Aramaic language classes begun four years ago at Jish Elementary School have changed the way youngsters experience the weekly liturgy.
"Before, I used to wonder how I would get through the one-and-a-half hours at church. Sometimes we would even laugh at the how the priest was praying," recalled Carla Issa, 9, who has studied Aramaic at the school for two years. "But now I understand what I am saying. I love it."
Sunday Mass at St. Maron Parish is partially recited in Aramaic. But Issa and friends also have found another use for the ancient language: They sometimes use it when they pass notes to each other in class.
Some 110 students are now studying the language at the elementary school as a result of years of effort by village resident Shadi Khalloul, 37, chairman of the Aramaic Christian nongovernmental organization in Israel.
"This is our Maronite Aramaic heritage," he said on a recent visit to the school. "We are hoping to revive (Aramaic) as a spoken language. Hopefully the pupils will use it among themselves to communicate with each other. It is our forefather's language. It is the language of Jesus, we should not forget that, especially the Aramaic Galilee dialect."
Spoken Aramaic, the root language of all Semitic languages, is still preserved in parts of Syria, Iraq and Lebanon -- and even by elderly Jews originating from a region of Kurdistan -- but the spoken language has been virtually lost in Galilee, where about 10,000 Maronite Catholics use it solely for prayer. During their daily interactions, they speak Arabic.
In all, there are between half a million and 1 million people worldwide who still use Aramaic as their vernacular language, while another 15 million use it only as a holy language, said Khalloul.
In Jish some older residents like Issa's grandfather, who helped her with her homework when she started studying, have retained their traditional language, but most Maronites of the village only hear Aramaic on Sundays.
Aramaic is taught regularly as part of religion classes by Father Bishara Suleiman, but it was not until the priest offered a three-month course for adults in 2006 that Khalloul, who had recently returned to Jish after graduating from the University of Nevada, became hooked on the language. A small group of adult students continued studying on their own following the conclusion of the course and began connecting with other Aramaic communities in Sweden and the Netherlands.
Khalloul initiated his own after-school classes for youngsters, then started to negotiate with the Israeli Ministry of Education to include Aramaic as part of the formal curriculum.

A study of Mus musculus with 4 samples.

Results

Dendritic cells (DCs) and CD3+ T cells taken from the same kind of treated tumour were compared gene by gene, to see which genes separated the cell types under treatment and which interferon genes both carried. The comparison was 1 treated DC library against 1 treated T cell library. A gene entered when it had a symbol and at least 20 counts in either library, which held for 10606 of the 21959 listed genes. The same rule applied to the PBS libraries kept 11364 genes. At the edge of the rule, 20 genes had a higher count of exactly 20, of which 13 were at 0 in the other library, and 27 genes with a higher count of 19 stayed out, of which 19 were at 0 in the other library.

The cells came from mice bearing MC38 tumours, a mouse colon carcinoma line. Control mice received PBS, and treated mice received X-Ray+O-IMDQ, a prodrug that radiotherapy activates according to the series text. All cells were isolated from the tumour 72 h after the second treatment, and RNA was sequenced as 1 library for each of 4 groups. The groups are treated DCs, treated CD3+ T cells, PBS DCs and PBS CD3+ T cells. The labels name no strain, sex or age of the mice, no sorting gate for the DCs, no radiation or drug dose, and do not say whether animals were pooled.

The ministry now provides funds for the classes through the eighth grade as part of any enrichment program already in place. For now, it is the only such project in Israel. A parallel art class is offered during the same period, but almost 90 percent of the Christian children choose to attend the Aramaic classes, said school principal Reem Khatieb-Zuabi, a Muslim woman.
She said classes have proven to be a matter of pride for the school, and even some Muslim students are taking the class.
"It is a language which is about to disappear," she noted. "A culture is something precious, history is very precious to me, and we can't erase history and build a new culture. You have to understand where you come from."
St. Paul's parents are traditionally believed to have lived in Jish, which is near the Lebanese border. Sixty percent of its 2,800 residents are Maronite Catholic, 35 percent are Muslim and 5 percent are Melkite Catholic.
Aramaic was the dominant language in the region until about the sixth century, when Arabic replaced it following the Arab invasion.
Sweden has the strongest tradition of spoken Aramaic, and Jish school has been using textbooks and other learning material from that community.
Khalloul, who speaks to his 2-year-old son solely in Aramaic and relishes seeing the boy respond, dreams of hearing Aramaic conversations in the streets of Jish. But he is also realistic and admits that perhaps the only place where the language can truly be revived to that extent is in the Maronite area of Mt. Lebanon in Lebanon.
Still, he said, the Maronite children of the village will have this language for themselves.
"A nation without a language and without its forefather's language has no future," he said. "Teaching them their heritage will strengthen our Christianity. At least in the Middle East we should all unite in our Aramaic heritage."
He noted that, by request of the children, in May the first Communion ceremony at the church was conducted completely in Aramaic.